Maybe it’s something borne out of a twisted love for failure, but we as humans certainly seem obsessed with science fiction stories where we have to dig ourselves out of being conquered by a more powerful invading force. Whether it be battleship cruising aliens with a chip on their shoulder or robots we made just a bit too smart, there will always be some part of the audience drawn toward having to avoid inevitable doom. This foray into surviving total extermination is not all that different from many run of the mill entries, but it is far from the agony of those being eliminated. “Battle: Los Angeles” is simply a fun trip to the theater with expectations left out in the lobby.
The story itself is a blend of extreme military mission meets not quite diplomatic extra terrestrials, minus comic relief. After watching this it actually felt a lot like a more serious version of “Independence Day” or a “War of the Worlds” where you actually beat the bad mothers instead of letting them catch a cold.
Anyhoo, the inserted hero of this adventure is Staff Sergeant Michael Nantz, a career man who is on his way to retirement when those darn outerspace bastards decide to interrupt any chance of that. His role among the men he serves with becomes increasingly important toward the end and whether humanity has a chance seems to hang on being able to establish a strong enough unity. Throw in Michelle Rodriguez, who is the stereotypical army gal for political correctness sake and you’ve pretty much got the gist of what’s going on.
I actually like the alien baddies in this flick, who are an interesting blend of cyborgs and emotionless killing machines. Sure, this is about as good versus evil as you are going to get, but I find it important to get my occasional dose of recycled cheese.
It’s probably a bit too violent for the youngest audiences and at times I have to salute them for not watering down things so people aren’t offended with real twists. In the end, I probably won’t ever own it, but if I need a good testosterone night out with the guys, I wouldn’t rule out watching it again. In the end, I’d say “Battle: Los Angeles” earns a missile launching three out of five victories.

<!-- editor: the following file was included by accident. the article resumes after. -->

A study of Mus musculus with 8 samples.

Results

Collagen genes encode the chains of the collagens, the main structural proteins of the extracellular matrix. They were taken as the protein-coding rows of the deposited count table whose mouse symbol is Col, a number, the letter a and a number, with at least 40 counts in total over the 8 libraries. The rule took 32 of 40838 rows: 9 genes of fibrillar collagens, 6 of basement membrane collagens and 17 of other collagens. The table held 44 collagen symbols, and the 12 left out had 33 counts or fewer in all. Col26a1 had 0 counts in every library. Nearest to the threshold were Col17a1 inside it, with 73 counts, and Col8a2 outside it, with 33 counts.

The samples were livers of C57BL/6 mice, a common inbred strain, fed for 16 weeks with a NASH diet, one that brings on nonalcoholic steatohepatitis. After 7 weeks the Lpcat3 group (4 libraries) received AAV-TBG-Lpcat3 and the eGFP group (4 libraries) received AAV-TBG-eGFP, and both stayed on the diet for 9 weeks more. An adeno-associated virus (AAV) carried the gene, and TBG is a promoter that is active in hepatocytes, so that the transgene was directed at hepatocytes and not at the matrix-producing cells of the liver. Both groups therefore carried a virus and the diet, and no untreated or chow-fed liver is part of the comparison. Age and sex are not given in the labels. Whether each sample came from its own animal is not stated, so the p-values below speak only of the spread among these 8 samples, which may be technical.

‘The Last Lovecraft: Relic of Cthulhu’ a bad movie gone right
By Ezra Mann (Editor in Spoof)
The stigma of bad film making does not necessarily have to mean the end of all enjoyment of a flick, it can actually be beneficial in the right hands. The problems that haunt many box office bombs is that when a studio or group of people take what is a terrible idea in the beginning and try to pass it off as if it deserves to sit among the best in the business.
This offering makes no attempt to escape it’s place among B-Movie Cheese and instead embraces the honor with its bizarre sense of humor. Of course, they actually take the time to make sure the product is at least somewhat watchable instead of just another disaster of editing rush job. “The Last Lovecraft: Relic of Cthulhu” is guaranteed to make you shake your head and groan, but the potential for a happy audience somehow crawls in by the end credits.
The story is somewhat based on the mythos of H.P. Lovecraft’s writings, though I’m sure some hardcore fans will still get their panties in a wad like other fanboys who want everything directly translated from books to film. Basically it follows the life of a guy named Jeff Phillips (Kyle Davis), who has a pretty boring existence, but just happens to somehow be the last living relative of the writer.
He later finds out through a bizarre upheaval of stability in his world that all that stuff in the books isn’t so much fiction after all and he must find a way to prevent Armageddon through protecting part of a key to the underworld. However, his journey will not be made alone and though the odds of evil are stacked against him, he will have the support of kooky characters like extreme geek Paul Reemer (Barak Hardley), a jerk of a best friend Charlie Russel (Devin McGinn) and a sea captain named Captain Olaf (Greg Lawrence). I found myself laughing more often than not and those who like movies like Zombieland should enjoy this as well.
In the end, it’s worth at least a one time rental if you can take something made goofy on purpose. It’s not really a family movie so try and avoid having the kids see this, though even the most offensive stuff is actually pretty tame (plenty of gore, but not as much as some of the other stuff like it).
Like any film, it’s probably open enough for a sequel, but this is one of those instances where it might not be too terrible if the story continued. The final product is something you can tell the people involved spent time to make it flow and certainly would gain considerations for their future work. For a couple of hours I don’t regret spending in front of the TV, “The Last Lovecraft: Relic of Cthulhu” earns three out of five elders.